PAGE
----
Despite the security risks, delegations from 11 divided cities will arrive in Kirkuk, Iraq on Saturday for a six-day conference led by UMass Boston’s Moakley Chair for Peace and Reconciliation Professor Padraig O’Malley. Representatives from these cities will share their experiences dealing with similar divisions that tore their own countries apart in decades of war. They will try to help Kirkuk find ways to settle its problems before the city explodes in violence and Kurdistan, along with the central government, become embroiled in another war.
These cities are members of the Forum for Cities in Transition (FCT), an international network of mayors, councilors, municipal officials, business people, and representatives of the voluntary and community sector from previously warring communities across the globe. The forum works on the principle that cities that are in conflict or have emerged from conflict are in the best position to help other cities in similar situations. FCT began as a pilot project in 2009 at UMass Boston and delegates decided to meet annually in one of the member cities to continue the peace and reconciliation processes.
Kirkuk is making extraordinary security arrangements to ensure the safety of the delegates from UMass Boston and the 11 divided cities of Baghdad, Beirut, Belfast, Derry-Londonderry, Kaduna, Kirkuk, Mitrovica, Mostar, Nicosia, Ramallah, and Tripoli. Because of their commitment to help fellow forum members, these conference participants are willing to travel to Kirkuk despite the risks and the possibility of being targeted by insurgent groups.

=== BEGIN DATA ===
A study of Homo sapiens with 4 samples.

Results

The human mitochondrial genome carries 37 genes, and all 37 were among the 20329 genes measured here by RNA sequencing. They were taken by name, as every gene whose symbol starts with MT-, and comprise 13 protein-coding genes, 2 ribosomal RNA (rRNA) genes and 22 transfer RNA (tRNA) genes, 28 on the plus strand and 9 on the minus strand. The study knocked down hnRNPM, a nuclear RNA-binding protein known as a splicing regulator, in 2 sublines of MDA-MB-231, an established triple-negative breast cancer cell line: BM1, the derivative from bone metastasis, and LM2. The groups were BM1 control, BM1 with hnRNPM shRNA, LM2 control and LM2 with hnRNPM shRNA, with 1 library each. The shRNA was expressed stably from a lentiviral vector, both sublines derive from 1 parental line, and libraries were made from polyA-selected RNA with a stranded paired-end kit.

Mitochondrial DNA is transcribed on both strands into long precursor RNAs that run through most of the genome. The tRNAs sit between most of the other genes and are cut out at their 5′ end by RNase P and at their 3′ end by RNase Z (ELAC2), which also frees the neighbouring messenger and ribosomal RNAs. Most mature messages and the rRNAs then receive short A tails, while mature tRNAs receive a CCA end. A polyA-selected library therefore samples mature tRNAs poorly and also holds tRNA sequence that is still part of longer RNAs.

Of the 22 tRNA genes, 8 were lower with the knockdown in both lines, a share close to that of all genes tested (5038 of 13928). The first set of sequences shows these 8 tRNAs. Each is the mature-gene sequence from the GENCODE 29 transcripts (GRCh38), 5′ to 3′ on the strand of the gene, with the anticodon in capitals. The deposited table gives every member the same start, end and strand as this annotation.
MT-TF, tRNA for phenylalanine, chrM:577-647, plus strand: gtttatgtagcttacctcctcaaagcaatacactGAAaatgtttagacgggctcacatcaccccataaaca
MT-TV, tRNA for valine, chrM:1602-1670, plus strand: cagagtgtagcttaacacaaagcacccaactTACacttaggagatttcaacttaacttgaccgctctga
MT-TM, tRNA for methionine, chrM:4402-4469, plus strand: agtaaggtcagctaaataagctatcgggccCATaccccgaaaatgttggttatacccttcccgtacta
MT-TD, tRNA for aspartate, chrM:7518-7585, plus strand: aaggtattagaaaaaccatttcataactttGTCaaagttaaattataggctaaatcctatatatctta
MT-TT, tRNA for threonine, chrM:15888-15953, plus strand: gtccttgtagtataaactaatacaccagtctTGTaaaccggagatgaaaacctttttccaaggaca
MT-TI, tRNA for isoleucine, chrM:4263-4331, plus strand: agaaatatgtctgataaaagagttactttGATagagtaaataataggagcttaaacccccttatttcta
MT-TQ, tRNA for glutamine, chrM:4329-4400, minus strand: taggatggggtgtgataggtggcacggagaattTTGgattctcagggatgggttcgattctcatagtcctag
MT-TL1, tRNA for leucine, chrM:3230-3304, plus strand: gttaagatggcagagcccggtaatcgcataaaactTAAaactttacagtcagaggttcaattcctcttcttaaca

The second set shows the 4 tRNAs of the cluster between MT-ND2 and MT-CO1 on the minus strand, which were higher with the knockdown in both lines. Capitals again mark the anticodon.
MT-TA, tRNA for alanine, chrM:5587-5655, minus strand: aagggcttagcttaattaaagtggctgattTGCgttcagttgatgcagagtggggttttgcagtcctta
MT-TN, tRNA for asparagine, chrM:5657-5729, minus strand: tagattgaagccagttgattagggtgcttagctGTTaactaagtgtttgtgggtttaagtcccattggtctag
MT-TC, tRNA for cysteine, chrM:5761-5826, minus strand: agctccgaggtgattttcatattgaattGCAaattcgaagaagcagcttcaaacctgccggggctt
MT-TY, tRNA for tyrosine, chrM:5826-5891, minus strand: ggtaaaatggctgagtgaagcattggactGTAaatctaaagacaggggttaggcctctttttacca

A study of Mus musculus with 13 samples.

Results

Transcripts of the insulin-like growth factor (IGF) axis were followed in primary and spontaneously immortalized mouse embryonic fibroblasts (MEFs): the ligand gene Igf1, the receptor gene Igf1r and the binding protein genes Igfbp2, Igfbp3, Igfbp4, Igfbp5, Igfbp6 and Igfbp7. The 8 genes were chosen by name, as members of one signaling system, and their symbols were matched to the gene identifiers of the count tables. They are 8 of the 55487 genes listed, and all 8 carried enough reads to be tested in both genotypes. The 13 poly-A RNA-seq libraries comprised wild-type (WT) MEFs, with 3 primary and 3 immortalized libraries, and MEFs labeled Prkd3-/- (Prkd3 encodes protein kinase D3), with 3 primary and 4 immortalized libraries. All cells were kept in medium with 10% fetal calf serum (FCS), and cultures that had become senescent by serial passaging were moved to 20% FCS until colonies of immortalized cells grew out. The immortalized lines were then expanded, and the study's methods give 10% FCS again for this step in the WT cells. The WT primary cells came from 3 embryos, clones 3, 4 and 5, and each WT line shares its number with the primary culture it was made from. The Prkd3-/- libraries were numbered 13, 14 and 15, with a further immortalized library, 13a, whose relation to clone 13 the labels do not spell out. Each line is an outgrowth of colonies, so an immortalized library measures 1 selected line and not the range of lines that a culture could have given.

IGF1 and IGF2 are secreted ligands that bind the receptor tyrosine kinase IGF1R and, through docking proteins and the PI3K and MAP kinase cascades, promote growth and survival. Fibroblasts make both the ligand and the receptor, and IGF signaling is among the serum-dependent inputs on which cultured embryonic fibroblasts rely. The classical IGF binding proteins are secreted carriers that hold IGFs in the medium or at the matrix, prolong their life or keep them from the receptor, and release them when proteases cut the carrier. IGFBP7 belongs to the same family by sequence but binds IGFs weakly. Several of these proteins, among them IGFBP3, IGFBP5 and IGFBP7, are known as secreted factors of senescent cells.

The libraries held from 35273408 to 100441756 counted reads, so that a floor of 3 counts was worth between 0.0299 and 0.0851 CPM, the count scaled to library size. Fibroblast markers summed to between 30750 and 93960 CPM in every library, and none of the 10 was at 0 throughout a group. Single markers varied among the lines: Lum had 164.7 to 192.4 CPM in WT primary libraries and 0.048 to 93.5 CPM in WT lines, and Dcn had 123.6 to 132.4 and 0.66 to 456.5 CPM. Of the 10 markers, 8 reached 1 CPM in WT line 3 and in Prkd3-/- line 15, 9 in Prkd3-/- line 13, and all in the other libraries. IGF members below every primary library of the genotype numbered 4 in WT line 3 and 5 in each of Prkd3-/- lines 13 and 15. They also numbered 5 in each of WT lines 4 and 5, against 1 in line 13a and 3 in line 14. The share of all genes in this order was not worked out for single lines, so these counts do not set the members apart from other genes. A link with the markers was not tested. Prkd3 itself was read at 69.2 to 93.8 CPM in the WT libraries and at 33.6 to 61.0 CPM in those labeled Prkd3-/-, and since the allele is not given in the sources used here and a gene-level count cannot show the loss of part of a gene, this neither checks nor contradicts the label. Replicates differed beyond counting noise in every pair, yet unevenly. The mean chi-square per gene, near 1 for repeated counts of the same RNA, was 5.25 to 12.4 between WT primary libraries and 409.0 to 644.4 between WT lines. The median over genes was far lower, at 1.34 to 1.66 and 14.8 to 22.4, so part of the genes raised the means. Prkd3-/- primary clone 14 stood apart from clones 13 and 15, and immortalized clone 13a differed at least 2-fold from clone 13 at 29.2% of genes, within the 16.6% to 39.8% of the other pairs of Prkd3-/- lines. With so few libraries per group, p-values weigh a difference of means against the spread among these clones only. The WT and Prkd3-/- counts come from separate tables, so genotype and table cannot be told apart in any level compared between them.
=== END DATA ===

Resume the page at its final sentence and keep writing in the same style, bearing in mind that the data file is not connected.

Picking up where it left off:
Kirkuk is one of the most dangerous and volatile cities in Iraq. The city is divided among Kurds, Arabs, and Turkmen, along with smaller minorities from other ethnic and religious groups. The Kurds want to become part of the autonomous region of neighboring Kurdistan while Arabs and Turkmen want to remain within Kirkuk “proper."
The host city has a past and present history as a fractured society. Kirkuk was heavily “Arabized” during the regime of Saddam Hussein. In a vicious war with the Kurds who were seeking autonomy, Saddam cleared them from the city and replaced them with Arabs. After the U.S. invasion in 2003, displaced Kurds returned to Kirkuk to reclaim their homes and property. According to Article 140 of the Iraq constitution, the matter of where Kirkuk “belonged” would be settled by referendum by December 31, 2007. However, this referendum has yet to take place, mainly due to security reasons and the inability to agree on who should have the right to vote.
Today, tensions between the Kirkuk Regional Government (KRG) and the central government in Baghdad are at an all-time high as they try to sort out their differences on the city’s standing. Kirkuk is at the epicenter of the conflict between the two and often the scene of some of Iraq’s most violent spates of bombings.
Also, over 15 percent of the country's oil reserves and 40 percent of natural gas reserves are in the Kirkuk region, making it the most resource-rich governate in Iraq.
O'Malley and a small group of McCormack Graduate School staff are organizing and leading this third annual conference. Previous forums were held in Mitrovica in 2010 and Derry/Londonderry in 2011. Collectively the cities work together because they share special characteristics that bind them as a result of their past experience in war.
According to O’Malley, “The fact that delegations from 11 other cities which once were the epicenters of their own communal conflicts are willing to make the hazardous journey to Kirkuk in an attempt to assist the city is not only testimony to their courage but of their commitment to help each other. They are aware of the dangers that may face them in Kirkuk, but are undeterred.”
Padraig O’Malley is the John Joseph Moakley Distinguished Professor of Peace and Reconciliation and a celebrated facilitator/convener and author on topics related to divided societies. O’Malley has played major roles in breaking the gridlock and promoting peace in South Africa, Northern Ireland, and, more recently, the Middle East.
The Forum for Cities in Transition from Conflict maintains a website that allows the cities to interact with each other on both a formal and informal basis. The site is also open to the public, who are invited to visit and participate.